GPOL at the University of Glasgow has developed the groundbreaking new Glasgow Cancer Assays – a suite of affordable, fit-for-purpose, solid and haematological cancer genomic assays, developed specifically to address the challenges of real-world oncology, both for current and emerging routine healthcare and for therapeutic development, including participant selection for clinical trials and discovering markers of response and resistance.
The Glasgow Cancer Assays are currently being evaluated by NHS labs in England and Scotland. Agilent Technologies has been granted a non-exclusive licence for global distribution and today launched the first of the Glasgow Cancer Assays.
GPOL is hosting a Q&A session tomorrow at the National Cancer Research Institute conference in Glasgow where metastatic cancer patient, Lesley Stephen asks Professor Andrew Biankin about the Glasgow Cancer Assays and how they will assist patients like her to find appropriate clinical trials. Please come along to the Igloo at 1.30pm to hear more.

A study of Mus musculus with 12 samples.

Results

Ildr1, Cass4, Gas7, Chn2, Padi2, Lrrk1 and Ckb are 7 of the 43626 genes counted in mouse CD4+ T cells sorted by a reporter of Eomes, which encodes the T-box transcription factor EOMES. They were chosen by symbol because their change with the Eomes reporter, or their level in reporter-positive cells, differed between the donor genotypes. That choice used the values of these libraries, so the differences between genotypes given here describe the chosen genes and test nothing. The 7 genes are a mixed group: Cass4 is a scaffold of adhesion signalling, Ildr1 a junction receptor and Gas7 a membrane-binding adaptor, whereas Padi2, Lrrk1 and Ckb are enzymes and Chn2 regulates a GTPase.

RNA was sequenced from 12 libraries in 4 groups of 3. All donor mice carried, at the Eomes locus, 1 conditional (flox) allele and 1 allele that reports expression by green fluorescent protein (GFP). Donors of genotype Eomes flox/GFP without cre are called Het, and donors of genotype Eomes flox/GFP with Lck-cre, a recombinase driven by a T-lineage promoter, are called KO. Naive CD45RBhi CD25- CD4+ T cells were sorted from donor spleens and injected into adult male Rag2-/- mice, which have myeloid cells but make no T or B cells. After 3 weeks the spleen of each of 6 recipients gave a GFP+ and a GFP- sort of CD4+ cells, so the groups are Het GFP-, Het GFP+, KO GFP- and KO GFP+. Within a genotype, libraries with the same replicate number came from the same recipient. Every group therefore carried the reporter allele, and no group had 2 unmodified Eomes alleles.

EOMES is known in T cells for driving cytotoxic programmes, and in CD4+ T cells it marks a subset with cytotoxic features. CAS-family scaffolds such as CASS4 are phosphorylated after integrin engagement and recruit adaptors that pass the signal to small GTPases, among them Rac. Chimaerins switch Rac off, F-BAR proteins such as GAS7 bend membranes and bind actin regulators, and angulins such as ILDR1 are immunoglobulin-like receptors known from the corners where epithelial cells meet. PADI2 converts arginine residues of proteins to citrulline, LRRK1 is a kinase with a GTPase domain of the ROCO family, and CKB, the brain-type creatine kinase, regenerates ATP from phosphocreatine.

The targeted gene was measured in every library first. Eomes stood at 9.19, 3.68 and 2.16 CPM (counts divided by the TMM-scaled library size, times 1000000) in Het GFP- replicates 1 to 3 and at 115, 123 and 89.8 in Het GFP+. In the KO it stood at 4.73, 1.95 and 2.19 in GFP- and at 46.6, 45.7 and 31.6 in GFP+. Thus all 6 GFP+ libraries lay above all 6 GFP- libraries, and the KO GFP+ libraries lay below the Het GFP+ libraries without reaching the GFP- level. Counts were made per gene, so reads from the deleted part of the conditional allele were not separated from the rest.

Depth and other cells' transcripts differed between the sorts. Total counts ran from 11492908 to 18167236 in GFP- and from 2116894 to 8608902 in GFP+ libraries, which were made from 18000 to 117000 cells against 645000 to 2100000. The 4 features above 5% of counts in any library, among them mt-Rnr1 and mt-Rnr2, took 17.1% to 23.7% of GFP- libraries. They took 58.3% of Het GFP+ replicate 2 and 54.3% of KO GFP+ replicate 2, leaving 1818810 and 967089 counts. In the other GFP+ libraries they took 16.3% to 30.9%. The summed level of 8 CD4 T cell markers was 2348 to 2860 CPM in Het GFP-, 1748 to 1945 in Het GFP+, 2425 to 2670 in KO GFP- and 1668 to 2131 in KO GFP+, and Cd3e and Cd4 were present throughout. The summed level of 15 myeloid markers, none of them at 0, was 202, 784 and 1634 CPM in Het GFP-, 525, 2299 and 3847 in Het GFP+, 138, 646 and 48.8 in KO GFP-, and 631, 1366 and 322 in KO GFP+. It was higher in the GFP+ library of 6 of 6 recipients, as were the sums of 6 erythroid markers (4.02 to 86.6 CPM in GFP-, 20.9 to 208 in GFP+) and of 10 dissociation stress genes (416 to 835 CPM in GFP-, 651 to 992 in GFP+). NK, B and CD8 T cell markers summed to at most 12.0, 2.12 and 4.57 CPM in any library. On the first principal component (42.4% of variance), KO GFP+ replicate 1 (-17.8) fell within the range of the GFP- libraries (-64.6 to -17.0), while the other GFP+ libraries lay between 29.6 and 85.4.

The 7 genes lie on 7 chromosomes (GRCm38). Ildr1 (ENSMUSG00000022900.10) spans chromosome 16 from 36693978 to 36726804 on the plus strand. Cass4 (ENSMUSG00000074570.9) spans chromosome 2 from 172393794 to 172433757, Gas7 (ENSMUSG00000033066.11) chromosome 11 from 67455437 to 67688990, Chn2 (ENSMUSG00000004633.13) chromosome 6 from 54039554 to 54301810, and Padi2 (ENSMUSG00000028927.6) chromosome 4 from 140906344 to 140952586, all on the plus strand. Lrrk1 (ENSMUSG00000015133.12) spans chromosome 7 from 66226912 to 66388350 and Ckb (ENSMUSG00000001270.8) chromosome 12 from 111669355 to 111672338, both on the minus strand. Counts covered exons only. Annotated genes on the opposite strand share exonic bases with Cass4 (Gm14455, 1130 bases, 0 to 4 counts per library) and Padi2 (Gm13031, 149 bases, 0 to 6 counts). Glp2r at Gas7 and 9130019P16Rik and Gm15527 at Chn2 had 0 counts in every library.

The Glasgow Cancer Assays were created so that every patient with cancer could have access to the latest treatments and clinical trials,” said Professor Andrew Biankin, Regius Professor of Surgery and Director of the Glasgow Precision Oncology Laboratory. “Our team of inventors, including Susie Cooke, Philip Beer and David Chang, have dedicated the last five years of their lives to creating the Glasgow Cancer test. This test will enable patients around the world to access the best treatments for their cancer. I’m extremely proud of what the team have done and where this might take us for healthcare in the future.”